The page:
Paul Roach is a Navy surgeon who has been deployed to Afghanistan twice in the last six years, the latest ending in October 2014. While stationed in that forbidding and dangerous place, he missed his family in Forest Park. When he returned home, he missed the camaraderie and the work that felt incredibly important — bringing the shattered bodies of soldiers and civilians back from the brink of death to life.

Captain Roach has written a memoir, Citizen Surgeon, which recounts his experiences in his first deployment as part of the Marine Corps 1st Medical Battalion’s Alpha Company in Helmand Province. The memoir helps explain how he came to love such a demanding, lonely and sometimes depressing job in a very dangerous place.

Roach is clear in the book that his deployment was hard on him. He writes, “I am home now, but memories of the deployment keep finding me: standing inside a poorly lit tent in a foreign place, a ragged, muddy blast victim on a stretcher shrieks in agony and scratches at life with desperate, shredded limbs; an Afghan child struck by a Hellfire missile, skin bleeding head to toe from shrapnel wounds … but Death steals her abruptly; lonely, homesick, waiting in a cold line outside a phone tent to call my family at Christmas.”

He describes how being a citizen surgeon in Afghanistan was a strange mixture of horror on the one hand and meaningful purpose on the other: “Sadness and camaraderie were mixed together in a daily draught from which we drank; the shock of battle and the sense of mission; the investment, the great, big, lifetime investment that we all made into this God-forsaken effort, and that investment’s convoluted sense of loss and reward.”

On the day he was to return home, Roach visited the tent in which he had tried to put so many broken bodies back together. 

“Standing in the silent O.R. tent looking about,” he writes, “I had the sense that soon I wouldn’t be this important ever again — at least not professionally. Plus, this was the finest, most deserving patient population on the planet.”

On the flight back home, his plane stopped to refuel at a base in Kyrgystan. During the layover, Roach and a buddy named Mike sat on the deck of a little bar called Pete’s trying to emotionally digest what they had just gone through. He recalled, “Being at Pete’s Place on the wooden deck prepping to head home was to be in a state of grace: our mission was accomplished, and this was the last bit of calm before we reentered the familiar world, that storm of Western life.”

The words “storm of Western life” jump off the page, since most assume the storm is where military personnel are coming from, but Roach said it’s hard for someone who hasn’t been there to understand, but just as part of the citizen surgeon remained in Forest Park with his wife and daughters as he deployed, so another part of him remained in Afghanistan even as he hugged and kissed his wife and children after being separated for nine months.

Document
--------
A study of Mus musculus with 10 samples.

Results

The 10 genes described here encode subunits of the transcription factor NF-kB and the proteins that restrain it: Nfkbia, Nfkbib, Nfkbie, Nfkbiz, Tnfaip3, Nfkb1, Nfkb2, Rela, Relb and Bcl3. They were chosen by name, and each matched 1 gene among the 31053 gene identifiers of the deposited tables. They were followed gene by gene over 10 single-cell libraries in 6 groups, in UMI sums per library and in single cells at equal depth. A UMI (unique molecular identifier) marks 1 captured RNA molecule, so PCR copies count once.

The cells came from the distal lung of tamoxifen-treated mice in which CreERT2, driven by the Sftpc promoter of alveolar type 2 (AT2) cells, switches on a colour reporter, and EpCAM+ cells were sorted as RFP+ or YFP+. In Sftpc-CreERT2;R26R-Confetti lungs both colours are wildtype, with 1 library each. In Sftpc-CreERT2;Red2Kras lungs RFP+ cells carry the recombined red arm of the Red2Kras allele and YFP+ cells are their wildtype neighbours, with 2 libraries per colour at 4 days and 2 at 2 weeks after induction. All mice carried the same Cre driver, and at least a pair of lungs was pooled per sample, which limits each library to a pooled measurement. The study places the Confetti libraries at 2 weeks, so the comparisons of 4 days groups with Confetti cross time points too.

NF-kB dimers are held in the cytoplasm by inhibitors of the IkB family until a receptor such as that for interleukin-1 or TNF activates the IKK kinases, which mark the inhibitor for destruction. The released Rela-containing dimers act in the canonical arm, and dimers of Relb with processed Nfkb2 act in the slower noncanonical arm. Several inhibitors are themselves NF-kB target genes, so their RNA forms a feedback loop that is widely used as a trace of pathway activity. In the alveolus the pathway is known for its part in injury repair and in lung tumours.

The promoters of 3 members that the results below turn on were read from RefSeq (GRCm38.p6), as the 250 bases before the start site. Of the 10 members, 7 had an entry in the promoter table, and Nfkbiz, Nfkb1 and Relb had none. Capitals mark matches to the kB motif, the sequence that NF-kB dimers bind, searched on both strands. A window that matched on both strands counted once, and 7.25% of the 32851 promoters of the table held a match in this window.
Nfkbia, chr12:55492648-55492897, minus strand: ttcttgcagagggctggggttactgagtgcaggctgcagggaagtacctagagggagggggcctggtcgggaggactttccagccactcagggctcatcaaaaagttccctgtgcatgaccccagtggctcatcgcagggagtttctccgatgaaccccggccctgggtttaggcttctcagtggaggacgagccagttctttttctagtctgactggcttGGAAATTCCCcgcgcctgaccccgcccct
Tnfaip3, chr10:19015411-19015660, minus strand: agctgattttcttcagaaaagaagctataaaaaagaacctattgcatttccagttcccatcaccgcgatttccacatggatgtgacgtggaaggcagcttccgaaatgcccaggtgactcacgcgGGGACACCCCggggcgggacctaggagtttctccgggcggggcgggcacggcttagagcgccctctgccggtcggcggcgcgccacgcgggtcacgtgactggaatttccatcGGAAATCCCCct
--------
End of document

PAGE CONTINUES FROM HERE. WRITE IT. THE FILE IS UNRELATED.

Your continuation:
Make no mistake, it was wonderful to be home, he writes. 

“I will always remember with gratitude and relief the crystal moment when my darling wife, the devoted mother of our children, my inspiration and best friend on Earth, was there in Camp Pendleton after a long, difficult year to welcome me back to my country, my family, and to my life.”

The citizen surgeon has been living in two worlds, really. He writes, “There is the one world that is a seething place in which things are rough and vicious and raw, where horrible things happen and you deal with them; and there is that other world, the one of happiness, sensibility and logic, where your daughters have pretty summer dresses, your pets are groomed, and art and perfume and family gatherings and retirement strategies make sense. Which of these worlds is right? Which is the real one?

“They say it takes a full year for a family to recover,” he continued. “I have some personal issues to iron out; I haven’t returned home yet in my own head or in my heart. It’s like the intensity and the sharpness of the experience carved channels in my mind. I need some time, some regular living to fill those channels back up so that things can get back their proper patterns. But I don’t know if they’ll ever get back to ‘normal,’ whatever that was.

“Being back with my family reminds me that I’ve already promised my life to something, to somebody: to them. And it is not for me to give that life away to anything else. They remind me with the same intensity as the war tried to express that this world at home, the one with a spouse and my own children, it is also real; that the happy and joyful times are no more a fiction or less a truth than the sorrowful ones; that there may be death, but there is also life.”

Citizen Surgeon is not yet available in hard copy. Look for it at in electronic format.